Banks on the path of Responsible Financing

Credit: Today file photo
Credit: Today file photo

PM.Haze welcomes the adoption of Responsible financing standards/policies by DBS, OCBC and UOB. These policies include environmental, social and governance factors (ESG) in decision-making. Investment and lending decisions made without considering ESG criteria has adverse implications for people, the environment and economy. The trans boundary haze that has been plaguing the region for decades is an example of this.

This issue was in the news again in early June when Channel News Asia (CNA) featured a report by NGO’s Rainforest Foundation, Aidenvironment and Fair Finance Guide. According to the report DBS and OCBC financed Indonesian palm oil firms engaged in unsustainable practices. The unsustainable production of palm oil and paper has been identified as a major cause of haze in Southeast Asia.

Globally, the momentum to include ESG criteria got stronger because of issues such as: Environmental – Climate change including extreme weather events and pollution, Social -human rights abuses including child labour and exploitation workers and Governance- the financial crisis of 2008 which is attributed partly to poor governance.

In Singapore, the urgency for considering ESG factors increased during the haze crisis of 2015. DBS, OCBC and UOB are major financiers of the palm oil industry in the region. So they have a key role in influencing practices on the ground such as clearing of land by fire and cultivation on peat. The public outcry after the haze led to a call for action from all stakeholders. The Association of Banks in Singapore came out with guidelines in October 2015 for its members to include responsible financing standards in their operations.

Singaporean banks have started this process by including ESG criteria in their decision-making. DBS in its response CNA (on the report mentioned earlier) has acknowledged that it can play a bigger role in sustainable development of the palm oil sector. DBS has updated its approach to this sector. OCBC has responded that it assesses borrowers based on its internal ESG requirements.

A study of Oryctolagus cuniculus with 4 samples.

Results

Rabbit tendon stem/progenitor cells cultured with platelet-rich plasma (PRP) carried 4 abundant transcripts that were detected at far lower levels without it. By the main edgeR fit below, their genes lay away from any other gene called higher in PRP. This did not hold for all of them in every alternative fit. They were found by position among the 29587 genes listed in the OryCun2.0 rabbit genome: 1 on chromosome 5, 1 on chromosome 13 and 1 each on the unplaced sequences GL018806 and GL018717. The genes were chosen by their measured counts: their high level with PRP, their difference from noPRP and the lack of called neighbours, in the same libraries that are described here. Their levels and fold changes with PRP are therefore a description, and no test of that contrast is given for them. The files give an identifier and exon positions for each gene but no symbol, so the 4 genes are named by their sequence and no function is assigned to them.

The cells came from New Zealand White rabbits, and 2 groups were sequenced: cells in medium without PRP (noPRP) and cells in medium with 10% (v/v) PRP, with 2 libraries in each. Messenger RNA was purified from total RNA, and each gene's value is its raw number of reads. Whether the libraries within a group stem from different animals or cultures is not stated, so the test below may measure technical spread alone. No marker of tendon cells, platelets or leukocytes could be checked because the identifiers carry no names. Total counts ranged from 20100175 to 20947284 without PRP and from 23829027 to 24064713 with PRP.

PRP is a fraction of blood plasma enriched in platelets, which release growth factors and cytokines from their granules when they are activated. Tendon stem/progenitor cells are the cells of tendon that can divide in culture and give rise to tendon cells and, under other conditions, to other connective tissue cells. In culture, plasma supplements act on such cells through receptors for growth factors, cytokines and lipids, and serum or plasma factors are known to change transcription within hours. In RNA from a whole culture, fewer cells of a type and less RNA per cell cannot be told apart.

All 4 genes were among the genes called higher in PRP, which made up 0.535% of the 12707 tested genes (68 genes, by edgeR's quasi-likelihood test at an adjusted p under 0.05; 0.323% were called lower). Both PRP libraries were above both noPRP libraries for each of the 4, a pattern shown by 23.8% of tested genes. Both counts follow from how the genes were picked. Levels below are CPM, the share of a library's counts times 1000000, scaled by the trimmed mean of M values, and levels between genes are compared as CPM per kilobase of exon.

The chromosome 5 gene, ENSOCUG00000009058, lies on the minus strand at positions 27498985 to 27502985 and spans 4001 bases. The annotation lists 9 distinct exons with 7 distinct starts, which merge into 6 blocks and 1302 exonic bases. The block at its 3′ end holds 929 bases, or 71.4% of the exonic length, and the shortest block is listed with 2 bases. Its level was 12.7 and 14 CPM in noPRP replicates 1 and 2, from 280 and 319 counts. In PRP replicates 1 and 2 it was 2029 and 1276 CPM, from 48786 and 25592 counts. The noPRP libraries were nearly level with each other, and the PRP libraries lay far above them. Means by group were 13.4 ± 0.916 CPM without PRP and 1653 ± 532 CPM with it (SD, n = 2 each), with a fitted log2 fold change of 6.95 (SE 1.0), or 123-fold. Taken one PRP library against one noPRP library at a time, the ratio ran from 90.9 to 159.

We would like to congratulate DBS for outlining its approach to the palm oil sector and taking the lead in committing to a No Deforestation, No Peat, No Exploitation policy (NDPE). This is in line with global best practices in the palm oil industry. We would like to urge the banks to keep the momentum going and take leadership of sustainable financing in the region. We urge:

  1. OCBB and UOB to develop and adopt a palm oil policy that embeds NDPE. This will reinforce their commitment to a haze free Singapore/ASEAN.
  1. All three banks to publicly disclose the sector specific policies for the eight high-risk industries mentioned in the ABS guidelines especially agriculture, energy and forestry. These have a significant impact on the most important environmental challenges of our times – climate change and over exploitation of natural resources.

Singaporean banks have served Singaporeans well for the past decades. We hope they will continue to serve us in meeting the growing environmental challenges of our time.